Why Should Investors Watch China’s Disposable Income?



Disposable income

Disposable income is the amount of money available to households after income taxes have been paid. It’s the amount available for spending and saving purposes. Real disposable income is the disposable income adjusted for price changes due to inflation.

The disposable income trend is a key indicator to assess a country’s economic condition.


As disposable income rises, people usually tend to spend more on leisure activities, including gambling. As a result, rising disposable income benefits casinos. In contrast, falling disposable income will spell trouble.

China’s disposable income is important for Macao casinos

As, we’ve seen in the previous parts in this series, a major percentage of visitors at the Macao casinos are from China. In May 2015, the visitors from China contributed to about 66% of the total arrivals.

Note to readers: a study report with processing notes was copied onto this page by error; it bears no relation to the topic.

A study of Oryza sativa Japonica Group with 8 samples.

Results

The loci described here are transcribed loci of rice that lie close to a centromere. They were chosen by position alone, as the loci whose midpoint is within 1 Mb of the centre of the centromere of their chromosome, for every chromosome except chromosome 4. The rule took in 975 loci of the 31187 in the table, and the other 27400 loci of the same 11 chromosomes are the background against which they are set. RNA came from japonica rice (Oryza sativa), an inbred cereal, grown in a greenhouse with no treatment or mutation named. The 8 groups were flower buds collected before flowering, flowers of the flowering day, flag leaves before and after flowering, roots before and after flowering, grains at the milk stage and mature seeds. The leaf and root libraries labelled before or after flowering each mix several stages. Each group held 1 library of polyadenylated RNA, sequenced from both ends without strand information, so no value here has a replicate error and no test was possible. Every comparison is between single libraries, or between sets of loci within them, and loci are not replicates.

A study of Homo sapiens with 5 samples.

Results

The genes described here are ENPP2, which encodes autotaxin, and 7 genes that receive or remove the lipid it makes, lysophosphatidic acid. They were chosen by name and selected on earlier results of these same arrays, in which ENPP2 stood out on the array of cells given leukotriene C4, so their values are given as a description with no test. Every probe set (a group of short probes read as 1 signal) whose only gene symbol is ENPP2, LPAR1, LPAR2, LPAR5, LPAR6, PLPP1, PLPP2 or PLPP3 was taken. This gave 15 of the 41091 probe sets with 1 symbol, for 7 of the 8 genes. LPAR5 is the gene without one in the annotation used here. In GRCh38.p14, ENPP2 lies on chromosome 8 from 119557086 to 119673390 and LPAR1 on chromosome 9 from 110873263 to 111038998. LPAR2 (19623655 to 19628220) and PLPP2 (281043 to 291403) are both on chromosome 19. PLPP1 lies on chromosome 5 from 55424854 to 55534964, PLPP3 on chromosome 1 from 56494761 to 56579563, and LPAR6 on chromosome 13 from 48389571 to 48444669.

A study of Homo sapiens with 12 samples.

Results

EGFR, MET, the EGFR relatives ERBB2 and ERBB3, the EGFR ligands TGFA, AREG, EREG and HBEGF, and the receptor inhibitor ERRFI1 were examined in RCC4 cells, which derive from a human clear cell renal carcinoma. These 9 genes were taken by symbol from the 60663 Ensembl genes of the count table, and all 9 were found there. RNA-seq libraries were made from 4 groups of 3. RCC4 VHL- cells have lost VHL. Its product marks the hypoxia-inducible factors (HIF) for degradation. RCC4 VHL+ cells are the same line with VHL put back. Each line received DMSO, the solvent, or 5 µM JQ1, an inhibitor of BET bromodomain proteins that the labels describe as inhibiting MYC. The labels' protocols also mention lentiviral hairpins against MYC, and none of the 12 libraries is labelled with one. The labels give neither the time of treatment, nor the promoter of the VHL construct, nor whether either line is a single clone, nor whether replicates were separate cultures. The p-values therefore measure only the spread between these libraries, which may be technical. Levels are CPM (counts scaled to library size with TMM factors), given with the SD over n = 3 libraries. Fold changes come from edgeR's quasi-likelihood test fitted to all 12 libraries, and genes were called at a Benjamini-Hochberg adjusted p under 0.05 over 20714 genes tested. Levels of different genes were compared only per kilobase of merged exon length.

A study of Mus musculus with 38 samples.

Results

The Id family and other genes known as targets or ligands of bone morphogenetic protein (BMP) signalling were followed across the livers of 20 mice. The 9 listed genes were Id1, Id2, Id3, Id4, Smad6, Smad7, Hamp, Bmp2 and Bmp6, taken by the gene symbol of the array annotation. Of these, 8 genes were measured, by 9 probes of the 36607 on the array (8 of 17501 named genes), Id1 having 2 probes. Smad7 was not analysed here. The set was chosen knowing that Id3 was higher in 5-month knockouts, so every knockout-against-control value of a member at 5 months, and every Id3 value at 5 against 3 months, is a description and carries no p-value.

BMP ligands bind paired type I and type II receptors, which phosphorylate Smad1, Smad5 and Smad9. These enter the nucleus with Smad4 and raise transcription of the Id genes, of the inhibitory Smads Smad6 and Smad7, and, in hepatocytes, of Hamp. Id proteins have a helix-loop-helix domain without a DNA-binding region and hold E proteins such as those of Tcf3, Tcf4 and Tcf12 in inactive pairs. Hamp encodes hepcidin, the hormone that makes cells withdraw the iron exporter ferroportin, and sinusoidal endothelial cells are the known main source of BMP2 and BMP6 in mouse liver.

China’s national income per capita in 2015 has risen to 28,844 yuan from 26,955 yuan. This is a rise of ~7% YoY (year-over-year). For 1Q15, the per capita disposable income in China rose by 9.4% to 6,087 yuan. The per capita disposable income of urban households was 8,572 yuan—a rise of 8.3% YoY. For rural households, the per capita disposable income was at 3,279 yuan—a 10% rise YoY.

Key takeaways

A rise in China’s disposable income would mean that more Chinese visitors would probably come to the casinos in Macao. The above chart shows that China’s urban disposable income per capita has been rising since 2006. This could mean that consumers have more buying power. This is positive for casino companies like Las Vegas Sands (LVS), MGM Resorts (MGM), Wynn Resorts (WYNN), and Melco Crown Entertainment (MPEL).

The VanEck Vectors Gaming ETF (BJK) has ~8.6% and 7.1% exposure to Las Vegas Sands and Wynn Resorts, respectively. Alternatively, you can also invest in the Consumer Discretionary Select Sector SPDR Fund (XLY). XLY holds ~1% in casino stocks.